Nanotechnology in Glucose Testing Strips


In a photonic nanosensor, a matrix of phenylboronic acid-functionalized hydrogel is embedded with silver nanoparticles (AgNPs) through a process known as laser writing, in which a 6 ns (nanosecond, referring to pulse duration) laser is used to organize the AgNPs into a specific pattern [2]. This pattern of AgNPs is a periodic variation (imperfection) in the refraction index of the hydrogel, and will produce a specific wavelength when light passes through it. This is an example of a volume Bragg grating in which a transparent material is modified (in this case with the AgNPs) to produce an interference pattern, which causes the material to reflect a small range of wavelengths and transmit all else [3]. When a user’s glucose levels are high, they expand the hydrogel and alter the spacing of the nanoparticles, causing a wavelength to be emitted which is different in color from the wavelength produced when the gel is contracted [2]. To test glucose levels, individuals would insert a blood, urine, or teardrop sample into the sensor containing the hydrogel matrix embedded with AgNPs, causing the hydrogel to expand to varying dimensions. A light within the nanosensor would then refract off the hydrogel to give a visible readout of colored light, indicating the level of glucose present in the sample.

This colormetric method of testing glucose concentration is both cheaper and more effective than traditional means of measuring glucose levels through electrical currents [4]. The colormetric sensors can be mass-produced using pre-programmed laser writing techniques, making them available for wide-spread distribution in developing nations. By creating accessible screening technology for type 1 and type 2 diabetes, development of equally accessible treatments can begin as well. Some treatments that incorporate nanotechnology include nanoparticle coatings to protect orally delivered insulin, artificial pancreases utilizing silicon nanoparticles, and nanopumps for continuous delivery of insulin.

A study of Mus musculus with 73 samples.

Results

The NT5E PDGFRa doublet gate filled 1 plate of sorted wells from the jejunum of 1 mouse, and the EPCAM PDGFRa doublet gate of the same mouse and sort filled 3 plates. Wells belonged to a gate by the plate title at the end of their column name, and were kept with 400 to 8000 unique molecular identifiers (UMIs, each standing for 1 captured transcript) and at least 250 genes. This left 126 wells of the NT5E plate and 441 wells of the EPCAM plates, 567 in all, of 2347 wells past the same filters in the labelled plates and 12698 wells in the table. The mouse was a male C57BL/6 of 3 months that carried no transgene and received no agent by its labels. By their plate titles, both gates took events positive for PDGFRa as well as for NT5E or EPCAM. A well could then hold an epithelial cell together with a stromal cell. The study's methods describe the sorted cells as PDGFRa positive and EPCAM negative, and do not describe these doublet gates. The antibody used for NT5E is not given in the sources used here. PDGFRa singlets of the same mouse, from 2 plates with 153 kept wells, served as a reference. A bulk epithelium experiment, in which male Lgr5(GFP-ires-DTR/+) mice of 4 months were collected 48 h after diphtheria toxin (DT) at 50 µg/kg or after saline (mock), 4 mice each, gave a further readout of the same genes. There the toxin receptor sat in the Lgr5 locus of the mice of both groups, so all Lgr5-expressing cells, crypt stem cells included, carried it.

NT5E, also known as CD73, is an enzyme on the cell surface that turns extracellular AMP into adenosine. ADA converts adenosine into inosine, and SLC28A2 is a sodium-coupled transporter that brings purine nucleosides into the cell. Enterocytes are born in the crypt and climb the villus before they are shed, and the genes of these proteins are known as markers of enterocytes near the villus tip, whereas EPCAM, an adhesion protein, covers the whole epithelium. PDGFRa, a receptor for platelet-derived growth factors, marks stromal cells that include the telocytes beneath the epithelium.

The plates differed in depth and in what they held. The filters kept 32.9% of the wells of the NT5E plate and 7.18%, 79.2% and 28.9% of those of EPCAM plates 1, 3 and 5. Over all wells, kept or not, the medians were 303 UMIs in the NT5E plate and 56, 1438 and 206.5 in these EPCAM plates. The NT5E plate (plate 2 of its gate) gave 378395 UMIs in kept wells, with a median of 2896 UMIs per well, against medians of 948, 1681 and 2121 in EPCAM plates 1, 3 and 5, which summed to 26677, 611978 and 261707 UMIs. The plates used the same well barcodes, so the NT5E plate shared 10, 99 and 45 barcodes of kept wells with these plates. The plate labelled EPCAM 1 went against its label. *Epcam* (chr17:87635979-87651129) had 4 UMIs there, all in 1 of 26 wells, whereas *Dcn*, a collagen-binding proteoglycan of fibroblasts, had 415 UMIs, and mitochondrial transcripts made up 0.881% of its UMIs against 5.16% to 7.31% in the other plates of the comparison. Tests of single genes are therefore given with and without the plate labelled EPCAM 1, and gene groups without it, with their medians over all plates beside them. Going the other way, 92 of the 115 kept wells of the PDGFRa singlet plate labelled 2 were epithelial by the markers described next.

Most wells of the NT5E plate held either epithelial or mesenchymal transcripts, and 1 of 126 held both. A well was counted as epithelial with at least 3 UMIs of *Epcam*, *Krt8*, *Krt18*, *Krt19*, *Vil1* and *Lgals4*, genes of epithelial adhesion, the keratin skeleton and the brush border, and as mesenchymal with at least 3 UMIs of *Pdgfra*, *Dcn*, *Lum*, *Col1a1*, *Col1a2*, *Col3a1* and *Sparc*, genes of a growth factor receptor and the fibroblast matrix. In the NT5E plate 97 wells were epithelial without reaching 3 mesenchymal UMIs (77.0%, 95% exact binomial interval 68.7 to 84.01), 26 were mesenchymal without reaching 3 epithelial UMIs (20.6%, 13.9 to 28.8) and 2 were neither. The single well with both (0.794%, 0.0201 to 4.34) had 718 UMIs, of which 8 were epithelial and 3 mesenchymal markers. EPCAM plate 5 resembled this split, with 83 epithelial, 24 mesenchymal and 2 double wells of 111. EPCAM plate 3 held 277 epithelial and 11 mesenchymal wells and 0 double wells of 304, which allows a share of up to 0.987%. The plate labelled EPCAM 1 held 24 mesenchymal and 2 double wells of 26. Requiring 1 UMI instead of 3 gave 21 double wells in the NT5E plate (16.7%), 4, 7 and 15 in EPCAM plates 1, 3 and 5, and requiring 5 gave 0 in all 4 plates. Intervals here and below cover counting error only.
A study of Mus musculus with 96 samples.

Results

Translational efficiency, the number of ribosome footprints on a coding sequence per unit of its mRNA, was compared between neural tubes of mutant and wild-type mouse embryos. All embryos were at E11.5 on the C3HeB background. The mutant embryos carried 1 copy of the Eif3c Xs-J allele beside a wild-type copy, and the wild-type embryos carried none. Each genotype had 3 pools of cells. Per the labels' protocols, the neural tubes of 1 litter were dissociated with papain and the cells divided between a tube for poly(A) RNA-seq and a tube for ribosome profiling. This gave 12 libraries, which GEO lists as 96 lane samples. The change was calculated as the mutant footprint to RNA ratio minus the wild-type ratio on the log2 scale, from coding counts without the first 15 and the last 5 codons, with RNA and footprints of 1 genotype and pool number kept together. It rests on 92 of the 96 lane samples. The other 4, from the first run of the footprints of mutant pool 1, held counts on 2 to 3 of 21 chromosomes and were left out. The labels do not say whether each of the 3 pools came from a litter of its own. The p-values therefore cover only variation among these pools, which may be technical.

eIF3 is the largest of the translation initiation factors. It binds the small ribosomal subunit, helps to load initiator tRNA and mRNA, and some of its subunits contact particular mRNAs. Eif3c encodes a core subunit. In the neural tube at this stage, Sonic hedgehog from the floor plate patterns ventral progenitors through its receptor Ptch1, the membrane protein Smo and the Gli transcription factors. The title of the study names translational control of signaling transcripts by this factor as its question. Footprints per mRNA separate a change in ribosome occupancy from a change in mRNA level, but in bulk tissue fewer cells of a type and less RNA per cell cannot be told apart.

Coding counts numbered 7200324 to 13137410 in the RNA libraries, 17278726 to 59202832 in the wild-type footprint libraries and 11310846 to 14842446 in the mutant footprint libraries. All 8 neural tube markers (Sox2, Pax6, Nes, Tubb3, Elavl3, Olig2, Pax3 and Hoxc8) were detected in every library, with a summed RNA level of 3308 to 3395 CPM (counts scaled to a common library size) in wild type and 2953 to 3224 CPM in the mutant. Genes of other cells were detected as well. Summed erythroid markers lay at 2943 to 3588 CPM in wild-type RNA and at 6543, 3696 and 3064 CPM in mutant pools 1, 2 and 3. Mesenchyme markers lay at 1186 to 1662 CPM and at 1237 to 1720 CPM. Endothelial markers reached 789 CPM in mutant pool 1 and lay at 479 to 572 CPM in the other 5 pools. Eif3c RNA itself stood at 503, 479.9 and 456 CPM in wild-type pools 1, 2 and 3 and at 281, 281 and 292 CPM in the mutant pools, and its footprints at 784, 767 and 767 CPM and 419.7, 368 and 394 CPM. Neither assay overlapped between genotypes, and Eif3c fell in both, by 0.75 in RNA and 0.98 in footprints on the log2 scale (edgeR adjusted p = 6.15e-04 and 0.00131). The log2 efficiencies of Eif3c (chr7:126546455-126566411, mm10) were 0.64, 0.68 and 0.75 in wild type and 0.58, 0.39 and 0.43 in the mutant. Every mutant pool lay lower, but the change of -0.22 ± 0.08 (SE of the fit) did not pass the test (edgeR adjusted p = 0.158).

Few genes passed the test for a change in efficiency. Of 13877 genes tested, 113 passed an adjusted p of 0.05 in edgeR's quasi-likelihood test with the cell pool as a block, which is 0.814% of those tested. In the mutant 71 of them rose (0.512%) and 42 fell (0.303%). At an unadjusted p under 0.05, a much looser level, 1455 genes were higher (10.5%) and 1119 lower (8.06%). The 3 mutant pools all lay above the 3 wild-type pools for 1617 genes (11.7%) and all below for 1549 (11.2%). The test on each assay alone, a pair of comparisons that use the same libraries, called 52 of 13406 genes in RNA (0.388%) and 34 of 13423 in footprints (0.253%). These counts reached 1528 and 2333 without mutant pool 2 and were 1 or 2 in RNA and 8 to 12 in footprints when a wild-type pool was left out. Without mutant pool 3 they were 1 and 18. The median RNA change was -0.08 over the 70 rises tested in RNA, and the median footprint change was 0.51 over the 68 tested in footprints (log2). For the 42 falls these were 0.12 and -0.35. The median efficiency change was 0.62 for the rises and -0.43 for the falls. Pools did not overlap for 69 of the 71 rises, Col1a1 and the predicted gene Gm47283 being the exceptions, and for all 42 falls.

Hydrogel expanding with the increase in glucose concentration. (Yetisen et. al, 2014)

References  

 

  1. "Nanotechnology Takes on Diabetes." University of Cambridge. N.p., 30 May 2014. Web. 01 July 2015.
  2. Yetisen, Ali K., Yunuen Montelongo, Fernando Da Cruz Vasconcellos, J.l. Martinez-Hurtado, Sankalpa Neupane, Haider Butt, Malik M. Qasim, Jeffrey Blyth, Keith Burling, J. Bryan Carmody, Mark Evans, Timothy D. Wilkinson, Lauro T. Kubota, Michael J. Monteiro, and Christopher R. Lowe. "Reusable, Robust, and Accurate Laser-Generated Photonic Nanosensor." Nano Letters Nano Lett. 14.6 (2014): 3587-593. Web.
  3. Paschotta, Rüdiger. "Bragg Gratings." Encyclopedia of Laser Physics and Technology. N.p., n.d. Web. 01 July 2015.
  4. "MIT School of Engineering." How Do Glucometers Work? N.p., 18 Oct. 2011. Web. 01 July 2015.
  5. Awadhesh, Arya. Et. al. "Applications of Nanotechnology in Diabetes Mellitus."Applications of Nanotechnology in Diabetes Mellitus. N.p., 15 Oct. 2008. Web. 01 July 2015.